It is known that if a 'stressed' individual can be placed on an optimum diet and be encouraged to exercise regularly, to take regular and adequate rest, then many 'diseases' of stress simply go away. If, at the same time, other aspects of the individual’s life style (attitudes, amount of work undertaken, personality traits etc.) can be modified, then even more improvement can be expected. It is interesting to know that it is quite possible for an aggressive, compulsively hard working, individual to change into a relaxed and carefree one, by the altering of attitudes and behaviour. The statement 'that's how I am, I'm afraid', is meaningless— we can change if it matters enough.
What is it that determines which part of the body will break down under prolonged stress?. There are inherited tendencies of course and this must be borne in mind. There is another key 'organizer' within the body, to which the osteopathic profession, in particular, pays much attention. This is the nervous system and the role of spinal dysfunction in affecting the way in which particular patterns of ill-health are manifested. Extensive research in the U.S.A., much of this conducted by Professor Irvin Korr over the past 35 years has established the following:
- That there exists in most people's spines, areas, or segments, which are abnormal or aberrant in one of (at least) three ways. These areas may be hypersensitive to pressure; restricted in mobility (movement) or asymmetrical (out of position). Such changes are common, even in apparently healthy people.
- These areas are abnormal in the degree of tension or tone that is present in the local soft tissues, and the nerves in such an area respond abnormally to any stimulus. Some of the nerve cells which deal with messages of sensation, or which direct automatic function, or which direct voluntary function, will be in a state of chronic overexcitability. In other words they will react more rapidly and more strongly, and for longer, than they should, to even a mild stimulus of any sort.
- This state of over-reaction is often manifested in the tissues or organs which these nerve cells supply, or control.
These abnormally reacting segments may result from injury, or postural stress, or they may result from problems in a particular organ or system (say a diseased gall bladder) which feeds back 'irritable' messages along the nerves supplying it, to the spinal centres, where local irritation may become chronic and cause changes in the tone of the soft tissue. Whether the initial cause is reflex (from the organ to the spinal area) or direct, i.e. biomechanical changes in the spine itself, the result is an over-reacting segment of the nervous system. Since the nervous system organizes the body's adaptive and protective functions, in dealing with all environmental variations and extremes (changes of temperature, increased activity etc.), as well as its reaction to emotional stress (alarm reaction etc. ), such a state of over-excitability, in a particular area, has enormous local and distant consequences.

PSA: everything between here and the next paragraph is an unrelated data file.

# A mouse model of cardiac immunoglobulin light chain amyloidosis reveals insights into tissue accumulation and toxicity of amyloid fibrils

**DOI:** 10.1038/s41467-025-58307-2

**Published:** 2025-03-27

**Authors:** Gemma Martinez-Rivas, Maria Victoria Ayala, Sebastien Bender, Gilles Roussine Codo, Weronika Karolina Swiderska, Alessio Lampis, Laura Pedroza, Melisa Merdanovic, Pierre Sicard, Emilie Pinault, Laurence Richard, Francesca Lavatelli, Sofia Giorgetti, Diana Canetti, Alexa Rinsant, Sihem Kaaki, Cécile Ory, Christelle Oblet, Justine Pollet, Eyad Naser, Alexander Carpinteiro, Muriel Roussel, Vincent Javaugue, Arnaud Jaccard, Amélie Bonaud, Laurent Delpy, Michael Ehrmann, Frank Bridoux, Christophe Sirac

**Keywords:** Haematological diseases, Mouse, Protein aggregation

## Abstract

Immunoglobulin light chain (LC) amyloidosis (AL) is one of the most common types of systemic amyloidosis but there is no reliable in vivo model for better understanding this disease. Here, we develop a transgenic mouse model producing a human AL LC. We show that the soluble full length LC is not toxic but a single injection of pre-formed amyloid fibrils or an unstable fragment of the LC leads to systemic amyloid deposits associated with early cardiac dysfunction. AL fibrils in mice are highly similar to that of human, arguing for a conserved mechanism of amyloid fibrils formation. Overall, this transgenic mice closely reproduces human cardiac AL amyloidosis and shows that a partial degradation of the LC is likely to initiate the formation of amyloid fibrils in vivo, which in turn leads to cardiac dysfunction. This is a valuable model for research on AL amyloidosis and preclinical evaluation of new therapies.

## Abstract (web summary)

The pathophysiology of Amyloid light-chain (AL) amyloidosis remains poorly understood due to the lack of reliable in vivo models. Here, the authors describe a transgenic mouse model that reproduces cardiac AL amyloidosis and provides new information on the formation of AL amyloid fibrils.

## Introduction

Instead of, for example an organ being controlled in a balanced harmonious way, it might be kept in a state of near constant over-(or under-) stimulation, because the nerve centres controlling its function are in this condition. As previously mentioned, such an area is known as a facilitated segment (i.e. it allows easier conduction of nerve impulses and activity). These result in unpredictable effects on the target organ. If such an area occurs in the upper spinal region it might be associated, for example, with heart dysfunction. A definite pattern of spinal lesion has been found in most cases of angina pectoris (severe constricting pain in the chest). If, in a mid-spinal area, then the effect might be on the digestive organs such as the liver or pancreas etc. Now, it must be remembered that although the spinal area is maintaining such over-, or under-, activity via the nervous system, the problem might have originated in the organ itself, for a variety of reasons (infection, toxic state etc. ), and the spinal irritation and consequent facilitated state might originally have resulted from this.